A new study claims sitting for excessively long periods of time –even if you exercise regularly—is a risk factor for an early death. The researchers are recommending that you take a movement break every 30 minutes to reduce the risk.
The study focused on the relationship between the time spent sitting and the risk of early mortality of any cause. The findings were published online Monday in Annals of Internal Medicine.
On the bright side, the researchers found people who sit for less than 30 minutes at a time have the lowest risk of early death.
Sitting guidelines are needed for the public
The researchers noted people are less likely to have early deaths if they move around every 30 minutes than if they remain seated for extended periods of time.
“We think these findings suggest that it is simply not enough to be active or move at one specific time of the day, that is, exercise,” lead study author Keith Diaz, from the Center for Behavioral Cardiovascular Health at Columbia University Medical Center in New York, told Reuters. “We need to be mindful of moving frequently throughout the day in addition to exercising.”
Diaz cites a motto by the American Heart Association, which says “Sits less, move more,” and notes that such a simple guideline doesn’t quite cut it. Diaz told CNN that such guideline would be like telling someone to just “exercise without telling them how.”
He noted that exercise guidelines are usually precise. For instance, the U.S. Centers for Disease Control and Prevention recommends adults to do moderate-intensity aerobic exercises for two hours and 30 minutes every week, along with muscle strengthening activities two or more days a week.
“We need similar guidelines for sitting,” Diaz told CNN. “We think a more specific guideline could read something like, ‘For every 30 consecutive minutes of sitting, stand up and move/walk for five minutes at brisk pace to reduce the health risks from sitting.’”
Diaz added that the new study puts them a step closer to such guidelines, but more research is needed to verify their findings.
Sitting for stretches longer than 30 minutes can result in early death
To assess the potential health risks of sitting for extended periods of time, Diaz and her colleagues at Columbia, NewYork-Presbyterian/Weill Cornell Medical Center, and other centers turned to the Reasons for Geographic and Racial Differences in Stroke (REGARDS) project, which is sponsored by the National Institutes of Health.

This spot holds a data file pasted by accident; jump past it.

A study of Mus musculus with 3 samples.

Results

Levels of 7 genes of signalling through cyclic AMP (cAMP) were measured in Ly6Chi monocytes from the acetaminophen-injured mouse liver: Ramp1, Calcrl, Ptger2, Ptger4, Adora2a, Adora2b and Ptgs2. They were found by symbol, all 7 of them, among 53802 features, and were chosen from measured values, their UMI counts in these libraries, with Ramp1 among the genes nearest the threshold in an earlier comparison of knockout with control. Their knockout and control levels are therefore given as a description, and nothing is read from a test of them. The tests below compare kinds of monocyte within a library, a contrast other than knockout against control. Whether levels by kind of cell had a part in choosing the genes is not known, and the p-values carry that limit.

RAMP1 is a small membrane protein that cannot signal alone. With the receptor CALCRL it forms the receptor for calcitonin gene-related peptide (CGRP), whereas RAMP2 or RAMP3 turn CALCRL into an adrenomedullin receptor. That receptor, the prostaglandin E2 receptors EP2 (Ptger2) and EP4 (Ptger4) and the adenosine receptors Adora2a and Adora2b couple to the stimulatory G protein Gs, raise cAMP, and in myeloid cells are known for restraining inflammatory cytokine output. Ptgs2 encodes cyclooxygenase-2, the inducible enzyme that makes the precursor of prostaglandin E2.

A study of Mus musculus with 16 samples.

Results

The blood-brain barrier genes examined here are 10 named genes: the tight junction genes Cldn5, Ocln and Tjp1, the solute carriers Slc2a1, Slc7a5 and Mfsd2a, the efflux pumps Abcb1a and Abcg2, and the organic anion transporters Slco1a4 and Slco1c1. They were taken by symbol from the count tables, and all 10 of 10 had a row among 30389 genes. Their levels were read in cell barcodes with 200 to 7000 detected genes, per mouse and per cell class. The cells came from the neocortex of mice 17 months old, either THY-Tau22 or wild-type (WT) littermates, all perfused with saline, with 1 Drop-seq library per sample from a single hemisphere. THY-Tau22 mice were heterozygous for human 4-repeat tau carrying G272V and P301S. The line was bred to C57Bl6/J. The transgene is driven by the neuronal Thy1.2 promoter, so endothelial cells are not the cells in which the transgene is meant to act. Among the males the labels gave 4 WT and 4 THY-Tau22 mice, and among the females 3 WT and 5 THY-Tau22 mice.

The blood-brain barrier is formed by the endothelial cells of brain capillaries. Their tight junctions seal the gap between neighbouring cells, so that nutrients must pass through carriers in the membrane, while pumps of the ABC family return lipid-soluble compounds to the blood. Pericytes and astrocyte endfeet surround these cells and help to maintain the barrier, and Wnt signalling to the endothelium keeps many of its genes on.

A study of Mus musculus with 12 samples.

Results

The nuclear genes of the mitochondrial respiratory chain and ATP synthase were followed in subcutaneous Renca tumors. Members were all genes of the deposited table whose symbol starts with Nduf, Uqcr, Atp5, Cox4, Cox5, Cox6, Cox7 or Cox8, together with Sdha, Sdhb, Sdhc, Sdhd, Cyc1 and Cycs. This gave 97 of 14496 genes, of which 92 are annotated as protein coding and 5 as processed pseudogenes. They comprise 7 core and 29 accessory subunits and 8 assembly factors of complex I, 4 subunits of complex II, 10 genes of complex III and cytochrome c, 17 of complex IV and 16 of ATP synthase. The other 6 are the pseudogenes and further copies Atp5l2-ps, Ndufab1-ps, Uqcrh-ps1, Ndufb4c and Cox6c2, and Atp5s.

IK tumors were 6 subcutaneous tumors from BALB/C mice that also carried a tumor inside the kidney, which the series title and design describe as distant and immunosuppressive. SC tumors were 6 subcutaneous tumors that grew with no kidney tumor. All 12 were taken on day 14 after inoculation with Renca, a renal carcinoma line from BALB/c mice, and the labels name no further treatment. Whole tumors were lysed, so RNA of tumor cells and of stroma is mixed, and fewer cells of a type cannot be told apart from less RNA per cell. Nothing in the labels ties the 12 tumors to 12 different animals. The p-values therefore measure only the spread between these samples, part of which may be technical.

The REGARDS project was originally envisioned to study why blacks –especially those in the Southern U.S.—have a greater risk of suffering a stroke than white individuals. Diaz and his colleagues tracked 7,985 black and white people, aged 45 or older, over an average of four years.
The participants were required to use hip-mounted accelerometers to measure their sedentary time. During the study period, the researchers recorded 340 total deaths considered “all-cause mortality,” or any death, regardless of their cause.
When they analyzed the data, Diaz and the co-researchers found that sedentary behavior accounted for 12.3 hours of an average 16-hour waking day. Diaz said that as we age, and our physical and mental functions decline, we become more sedentary.
Similar studies previously found that adults, on average, sit about 9 to ten hours per day. Diaz noted that the higher average on his study is likely because they focused on a middle- and older-aged population, and because the data was monitored and tracked, rather than self-reported.
The researchers found that as total sedentary time increased, so did the risk of early mortality, regardless of their sex, age, race, body mass index, or exercise habits.
“We found that there wasn’t a threshold or cutoff where one’s risk for death dramatically increased,” Diaz told CNN, noting that risk of death increased with more sitting. “To give you a specific number, those who sat for more than 13 hours per day had a 2-fold (or 200 percent) greater risk of death compared to those who sat for less than about 11 hours per day.”
Standing desks might not be the best alternative either
The study also found people who frequently sat in stretches less than 30 minutes had a 55 percent lower risk of death compared to those who usually sat for more than 30 minutes at a time.
Moreover, those who regularly sat for more than 90 minutes at a stretch had a nearly two-fold greater risk of early mortality, compared to people who almost always sat for less than 90 minutes at a stretch, according to Diaz.
When asked if, for example, a standing desk would be helpful for people who work desk jobs, Diaz said that there’s little evidence suggesting that standing is a healthier alternative to sitting. He noted that if your job or lifestyle requires you to sit for prolonged periods of time, the best suggestion he can make is to take a movement break every 30 minutes.
“Our findings suggest this one behavior change could reduce your risk of death,” said Diaz.